Though neither the Grand Forks nor Greenwood Legions will have any formal memorial for 75th anniversary of the day Canadian troops stormed Juno Beach on the northwest coast of France, throwing themselves at the heavy bullet fire raining down from German gun posts, the day is still remembered by those in charge.
“We must remember,” insisted Grand Forks Legion president Everett Baker. “If we do not, the sacrifice of those Canadian lives will be meaningless.”
Baker, who joined the Sea Cadets in his youth in Nova Scotia with a plan to join the Navy as a military chaplain, said of D-Day that “it was an exceptionally difficult and hazardous military operation,” and noted the June 1944 operation proved to be one of Canada’s major defining moments in the war.
“For these reasons and more,” said Baker, “it’s important to keep the memory of D-Day.”
What many people who talk about the Second World War and D-Day say, reflecting on the importance of the events, is that is it not just important to remember the name, but also the reasons why soldiers volunteered to run against gun fire in a country so far from home.
“It was fought over issues that are still alive today,” Baker explained, “such as ideologies of nationalism and injustice.
“When I think of my own experience of when I was kid, there were First World War veterans still living,” he said. “Now they’re all gone. It won’t be much longer before the living memory of the Second World War has also passed.”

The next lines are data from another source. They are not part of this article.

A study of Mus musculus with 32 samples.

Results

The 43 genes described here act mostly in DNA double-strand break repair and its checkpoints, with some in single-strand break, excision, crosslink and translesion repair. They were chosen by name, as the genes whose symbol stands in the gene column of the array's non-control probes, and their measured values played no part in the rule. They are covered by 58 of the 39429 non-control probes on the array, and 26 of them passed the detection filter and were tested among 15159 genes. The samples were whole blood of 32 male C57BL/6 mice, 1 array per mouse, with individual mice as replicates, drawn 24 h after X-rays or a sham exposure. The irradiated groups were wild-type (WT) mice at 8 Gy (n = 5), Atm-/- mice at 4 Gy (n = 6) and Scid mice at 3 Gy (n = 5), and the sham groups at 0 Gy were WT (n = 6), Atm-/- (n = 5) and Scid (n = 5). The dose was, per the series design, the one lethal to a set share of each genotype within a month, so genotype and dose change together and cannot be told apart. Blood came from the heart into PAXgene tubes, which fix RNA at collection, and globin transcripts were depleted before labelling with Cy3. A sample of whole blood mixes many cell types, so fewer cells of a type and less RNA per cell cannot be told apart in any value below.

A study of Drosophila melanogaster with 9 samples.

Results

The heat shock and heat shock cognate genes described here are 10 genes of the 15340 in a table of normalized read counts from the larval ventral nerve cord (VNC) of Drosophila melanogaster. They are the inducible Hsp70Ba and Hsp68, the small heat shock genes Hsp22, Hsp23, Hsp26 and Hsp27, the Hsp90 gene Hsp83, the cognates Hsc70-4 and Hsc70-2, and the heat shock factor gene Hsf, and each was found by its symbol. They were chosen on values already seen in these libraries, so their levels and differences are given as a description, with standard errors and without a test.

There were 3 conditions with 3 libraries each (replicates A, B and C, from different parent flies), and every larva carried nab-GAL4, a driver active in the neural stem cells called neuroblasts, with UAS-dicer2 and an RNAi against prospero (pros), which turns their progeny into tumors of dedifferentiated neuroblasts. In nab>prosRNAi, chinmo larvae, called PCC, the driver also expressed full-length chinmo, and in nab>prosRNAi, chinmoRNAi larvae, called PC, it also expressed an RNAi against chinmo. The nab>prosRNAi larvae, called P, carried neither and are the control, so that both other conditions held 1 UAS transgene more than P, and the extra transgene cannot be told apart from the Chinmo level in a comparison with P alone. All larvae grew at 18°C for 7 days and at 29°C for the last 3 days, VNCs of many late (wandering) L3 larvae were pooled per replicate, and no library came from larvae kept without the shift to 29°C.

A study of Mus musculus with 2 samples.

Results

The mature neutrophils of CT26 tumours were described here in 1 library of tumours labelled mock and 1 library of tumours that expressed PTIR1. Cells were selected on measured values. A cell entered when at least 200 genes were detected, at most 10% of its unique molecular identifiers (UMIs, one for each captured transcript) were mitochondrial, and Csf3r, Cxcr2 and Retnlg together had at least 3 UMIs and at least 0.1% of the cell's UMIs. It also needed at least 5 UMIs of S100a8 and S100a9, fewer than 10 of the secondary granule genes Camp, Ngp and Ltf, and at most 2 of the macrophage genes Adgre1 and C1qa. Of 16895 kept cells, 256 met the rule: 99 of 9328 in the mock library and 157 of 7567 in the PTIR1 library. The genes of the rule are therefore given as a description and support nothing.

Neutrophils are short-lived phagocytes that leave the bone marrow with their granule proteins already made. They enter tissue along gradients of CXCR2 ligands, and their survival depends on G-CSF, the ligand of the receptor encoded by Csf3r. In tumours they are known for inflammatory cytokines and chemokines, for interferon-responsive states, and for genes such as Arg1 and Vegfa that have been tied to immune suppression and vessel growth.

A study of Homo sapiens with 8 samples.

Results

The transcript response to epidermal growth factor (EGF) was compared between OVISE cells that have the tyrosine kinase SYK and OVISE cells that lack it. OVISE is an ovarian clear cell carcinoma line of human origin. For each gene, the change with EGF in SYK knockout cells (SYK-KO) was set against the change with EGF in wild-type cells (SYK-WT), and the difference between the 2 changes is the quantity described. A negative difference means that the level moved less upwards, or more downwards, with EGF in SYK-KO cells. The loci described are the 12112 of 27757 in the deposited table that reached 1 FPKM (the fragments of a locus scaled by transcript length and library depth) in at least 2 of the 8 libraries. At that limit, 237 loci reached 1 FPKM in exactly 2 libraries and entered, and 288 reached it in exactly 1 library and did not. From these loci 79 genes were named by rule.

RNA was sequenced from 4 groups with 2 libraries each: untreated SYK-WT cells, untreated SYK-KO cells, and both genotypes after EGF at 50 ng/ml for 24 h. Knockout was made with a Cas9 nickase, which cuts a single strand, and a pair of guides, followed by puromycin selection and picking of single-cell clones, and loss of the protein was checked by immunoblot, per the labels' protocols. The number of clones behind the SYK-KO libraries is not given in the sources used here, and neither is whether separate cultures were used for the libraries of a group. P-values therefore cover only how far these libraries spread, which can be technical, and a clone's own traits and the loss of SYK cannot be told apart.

Many local soldiers who did serve never saw the Kettle River again.
Grand Forks lost two sons within the span of three days in December 1943. First, Flying Officer Robert Morrison McCabe, 23, was killed near Hannover in Germany on Dec. 20. Three days later, during the Battle of Ortona in Italy, Lance Cpl. George Lynn McParlon, died at 31.
It would be another eight months before Rifleman Harry Herbert Euerby died in France after D-Day on Sept. 6.
Tracking the burial grounds for Grand Forks’ Second World War soldiers also tracks the Allied advance to Berlin. Flying Officer John Alexander Francis McDonald died inside German borders, near the city of Wesel in the northwest of the country, on Feb. 3, 1945.
Hardly any closer to the capital, but with just days remaining until VE Day would be celebrated in early May, the Second World War claimed a final life from Grand Forks. Private John Edward Cook, hardly old enough to remember the beginning of the Great Depression, was killed in battle on April 27, 1945 at the age of 19.
These soldiers, said Baker, “believed their actions in the present would make a significant difference for the future, but it is up to us to ensure their dream of peace is realized.”
As part of that dream of peace and belief in justice, the Grand Forks Legion sees itself as a partner in supporting its own community, members and the region it serves. Last year, it hosted a salmon barbecue in support of those flooded out of homes and businesses. This Canada Day, they are hosting another barbecue as part of their Legion Week celebrations.